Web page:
What Laws Require Employers to File Form W-2s for California Employees?
Federal law requires that Forms W-2 be issued by employers reporting certain information regarding employee payments and withholdings. 26 U.S.C. § 6051. Section 6721 of Title 26, United States Code, makes failure to timely file a correct Form W-2 subject to penalties, including a higher penalty for intentional disregard. (For defenses to the IRS’s intentional disregard of filing requirements penalty for Form W-2, see our article here.)
The California Unemployment Insurance Code (“UIC”) requires an employer who pays wages to “a resident employee for services performed either within or without this state, or to a nonresident employee for services performed in this state” to withhold taxes in an amount estimated to equal the employee’s California income tax liability. Cal. UIC § 13020. Even if the employee ultimately pays her California taxes in full, the UIC makes it clear that the employer is still in violation of the law and subject to penalties or additions to tax. Cal. UIC § 13071. California’s UIC also requires the employer to file returns with the EDD reporting the wages for such employee and paying over the income taxes withheld.
Several penalties show that the state of California sees violations of the employer’s duty to report, withhold, and pay-over estimated taxes from California wages as extremely serious. Cal. Rev. & Tax Code Sections 18668 and 19138 apply penalties for failure to withhold and for failure to file correct information returns. Under Cal. UIC § 1735, any individual within the employer’s company who is aware of the requirement to withhold and pay over taxes as required by the above UIC sections will be made dually-liable with the employing company.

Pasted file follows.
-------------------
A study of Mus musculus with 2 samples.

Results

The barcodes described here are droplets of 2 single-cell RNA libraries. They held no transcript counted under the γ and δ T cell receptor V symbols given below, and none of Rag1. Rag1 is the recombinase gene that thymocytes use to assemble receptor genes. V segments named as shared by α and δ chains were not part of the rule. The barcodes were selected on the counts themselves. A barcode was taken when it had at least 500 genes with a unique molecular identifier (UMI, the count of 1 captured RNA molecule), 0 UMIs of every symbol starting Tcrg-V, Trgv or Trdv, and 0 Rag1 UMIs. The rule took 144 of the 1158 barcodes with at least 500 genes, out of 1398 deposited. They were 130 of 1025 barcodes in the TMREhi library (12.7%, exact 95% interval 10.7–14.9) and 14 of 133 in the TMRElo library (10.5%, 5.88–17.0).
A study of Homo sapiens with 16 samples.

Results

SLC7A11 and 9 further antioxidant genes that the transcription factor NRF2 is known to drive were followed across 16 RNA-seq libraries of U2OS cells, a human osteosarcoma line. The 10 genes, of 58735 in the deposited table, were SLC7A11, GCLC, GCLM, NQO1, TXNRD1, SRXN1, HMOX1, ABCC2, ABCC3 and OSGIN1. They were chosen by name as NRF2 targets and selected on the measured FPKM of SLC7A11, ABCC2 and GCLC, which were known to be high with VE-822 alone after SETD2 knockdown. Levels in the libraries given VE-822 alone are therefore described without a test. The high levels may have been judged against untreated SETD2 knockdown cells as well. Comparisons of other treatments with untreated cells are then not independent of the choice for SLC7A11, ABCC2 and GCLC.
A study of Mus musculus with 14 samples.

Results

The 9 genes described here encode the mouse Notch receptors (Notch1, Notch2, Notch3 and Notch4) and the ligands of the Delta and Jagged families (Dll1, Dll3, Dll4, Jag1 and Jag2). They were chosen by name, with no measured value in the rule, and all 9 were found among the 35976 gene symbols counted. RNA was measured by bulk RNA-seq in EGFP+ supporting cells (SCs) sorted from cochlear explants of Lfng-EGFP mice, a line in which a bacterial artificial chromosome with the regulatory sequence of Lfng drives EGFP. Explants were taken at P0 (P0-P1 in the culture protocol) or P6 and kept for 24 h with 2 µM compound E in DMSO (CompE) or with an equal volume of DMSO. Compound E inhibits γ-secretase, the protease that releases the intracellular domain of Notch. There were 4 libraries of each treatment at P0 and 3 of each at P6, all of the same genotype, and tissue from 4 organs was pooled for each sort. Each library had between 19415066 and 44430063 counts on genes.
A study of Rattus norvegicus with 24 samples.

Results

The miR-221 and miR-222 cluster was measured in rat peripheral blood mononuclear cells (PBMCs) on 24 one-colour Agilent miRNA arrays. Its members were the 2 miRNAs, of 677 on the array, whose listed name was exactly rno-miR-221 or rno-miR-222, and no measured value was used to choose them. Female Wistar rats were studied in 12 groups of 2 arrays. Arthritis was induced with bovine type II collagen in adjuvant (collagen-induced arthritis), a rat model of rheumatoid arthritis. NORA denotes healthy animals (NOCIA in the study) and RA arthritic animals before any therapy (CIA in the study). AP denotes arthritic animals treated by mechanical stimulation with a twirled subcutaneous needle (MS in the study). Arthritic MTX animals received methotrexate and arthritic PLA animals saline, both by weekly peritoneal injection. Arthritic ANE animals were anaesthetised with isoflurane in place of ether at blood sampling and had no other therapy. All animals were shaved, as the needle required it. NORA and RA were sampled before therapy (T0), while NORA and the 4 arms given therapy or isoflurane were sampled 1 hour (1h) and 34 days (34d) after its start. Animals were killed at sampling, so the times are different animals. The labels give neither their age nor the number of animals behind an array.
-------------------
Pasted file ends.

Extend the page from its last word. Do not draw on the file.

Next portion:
Under Cal. UIC § 2118, any person or employer who, with or without intent to evade, fails to withhold, pursuant to Section 13020 , or fails to pay over any tax withheld, is guilty of a misdemeanor and, upon conviction, shall be fined an amount not to exceed one thousand dollars ($1,000), or imprisoned for not more than one year, or both the fine and imprisonment, at the discretion of the court.
The EDD is the principal California department tasked with investigating and collecting failure to file and remit payroll taxes. Among examples of payroll tax fraud in the EDD’s publication on the topic, the department has listed filing false payroll returns, neglecting to report all wages paid and neglecting to pay payroll taxes. Because fraud requires proving mens rea, merely filing a false return or neglecting to pay California taxes would be insufficient to prove fraud. Nonetheless, the EDD has made reporting potential payroll tax fraud simple and accessible by allowing it to be reported online at https://edd.ca.gov/payroll_taxes/Help_Fight_Fraud.htm or through a paper “Underground Economy Operations Lead Referral/Complaint Form,” Form DE 660 Rev. 2 (8-15). The Form DE 660 appears to be focused on the compliance issues rather than specific issues of intent and does not use the word “fraud,” making it appropriate for reporting any payroll tax non-compliance issues in California.
 California EDD Publication DE 2370 Rev. 2 (1-20).
Daniel W. Layton, the author of this FAQ, is a former trial attorney for the IRS Office of Chief Counsel and a former federal prosecutor in the tax division of the Los Angeles U.S. Attorney’s Office, Tax Division. He is the principal of a tax law firm in Newport Beach, California.